Industries fighting endangered status for caribou

EDMONTON — The Alberta government is considering whether to declare woodland caribou an endangered species over the objections of the energy, forestry and agriculture industries.

EDMONTON — The Alberta government is considering whether to declare woodland caribou an endangered species over the objections of the energy, forestry and agriculture industries.

“(Scientists) have reached a conclusion that this thing has to be kicked up a notch and moved from threatened to endangered,” said Sustainable Resources Minister Mel Knight.

A recommendation to strengthen caribou protection was delivered to Knight’s office last week from an industry, government and scientific panel charged with deciding what to do about Alberta’s vanishing caribou. The report from the endangered species conservation committee came nearly a year after research work was completed and after months of bitter debate.

Researchers have long agreed that Alberta’s herds — especially in the province’s oilsands region — are in rapid decline due mostly to habitat loss.

One study from earlier this summer found an average of 75 per cent of caribou range in the oilsands area has been disturbed by fire, industry, or both. Another said two Alberta herds have declined by three-quarters in the last 10 to 15 years. Some now number fewer than 200 animals.

Last September, scientists on the committee agreed with that assessment.

“A highly significant negative relationship between level of habitat alteration and caribou population growth rate has been demonstrated,” they wrote. “The amount of (human-caused) habitat change is high across caribou ranges in Alberta as a result of oil and gas exploration and development (and) forest harvest activity.

“The best available evidence suggests that the Alberta woodland caribou qualifies for endangered.”

But documents obtained by The Canadian Press show that conclusion was attacked by the Canadian Association of Petroleum Producers and the Alberta Forest Products Association, both represented on the committee.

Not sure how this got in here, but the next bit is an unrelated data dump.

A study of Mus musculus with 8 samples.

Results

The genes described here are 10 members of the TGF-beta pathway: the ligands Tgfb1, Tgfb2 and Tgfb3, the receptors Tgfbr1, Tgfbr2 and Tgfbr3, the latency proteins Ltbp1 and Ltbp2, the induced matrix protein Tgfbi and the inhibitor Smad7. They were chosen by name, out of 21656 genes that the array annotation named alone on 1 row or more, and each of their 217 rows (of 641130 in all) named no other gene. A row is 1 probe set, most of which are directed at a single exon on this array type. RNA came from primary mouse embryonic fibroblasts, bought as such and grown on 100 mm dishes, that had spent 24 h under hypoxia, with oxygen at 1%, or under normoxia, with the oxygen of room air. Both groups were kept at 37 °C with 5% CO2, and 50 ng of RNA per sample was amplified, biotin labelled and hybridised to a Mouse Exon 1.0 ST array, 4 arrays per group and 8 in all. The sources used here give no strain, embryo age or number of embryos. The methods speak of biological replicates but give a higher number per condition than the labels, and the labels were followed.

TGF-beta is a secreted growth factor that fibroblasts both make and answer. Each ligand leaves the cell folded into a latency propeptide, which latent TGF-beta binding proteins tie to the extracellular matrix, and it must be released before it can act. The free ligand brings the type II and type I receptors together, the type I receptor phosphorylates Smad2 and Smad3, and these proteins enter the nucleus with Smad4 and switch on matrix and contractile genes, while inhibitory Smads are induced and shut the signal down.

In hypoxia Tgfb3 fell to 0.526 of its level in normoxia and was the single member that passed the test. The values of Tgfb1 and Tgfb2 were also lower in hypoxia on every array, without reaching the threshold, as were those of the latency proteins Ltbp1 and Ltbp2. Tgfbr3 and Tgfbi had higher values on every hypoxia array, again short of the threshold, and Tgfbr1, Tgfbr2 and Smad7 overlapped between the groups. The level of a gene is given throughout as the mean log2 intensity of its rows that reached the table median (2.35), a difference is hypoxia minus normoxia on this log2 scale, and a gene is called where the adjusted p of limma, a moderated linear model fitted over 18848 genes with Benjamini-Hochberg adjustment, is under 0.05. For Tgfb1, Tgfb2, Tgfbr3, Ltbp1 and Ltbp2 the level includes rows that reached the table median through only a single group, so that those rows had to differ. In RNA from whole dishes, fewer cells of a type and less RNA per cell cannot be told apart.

The petroleum producers hired two consultant biologists, who produced a long document questioning how the government scientists arrived at their population counts. The forestry group questioned the scientific work’s transparency.

“I was surprised,” said Rene Belland, a University of Alberta biologist, who sits on the committee and helped write the report.

“The methodology is extremely well-documented in the literature and accepted by scientists. I’m not quite sure what the issue was.”

Both organizations asked for and received a delay in voting on the recommendation.

The petroleum producers were not immediately available for comment. The forest products associations declined comment.

Tory member of the legislature and committee chairman Arno Doerksen acknowledges the debate.

“I think we’ve had some fairly lively and pertinent discussion around how some of those interests play together,” he said.

The recommendation to declare the woodland caribou endangered was finally passed last spring. The petroleum organization and the forestry group — as well as the Western Stock Grower’s Association — were opposed. Their objections were forwarded to Knight along with the recommendation.

Knight said he will continue to seek more input before making a decision.

Cliff Wallis of the Alberta Wilderness Association, which discovered the documents using Freedom of Information legislation, said he’s used to hearing industry talk about co-operation and balance.

“They say, ’We are here to recover caribou. That’s the prime purpose of the recovery committee,’ and everything they do is to undermine caribou recovery and protect their vested interest.

“Delay, deny and deflect — that’s what they’re trying to do all the time.”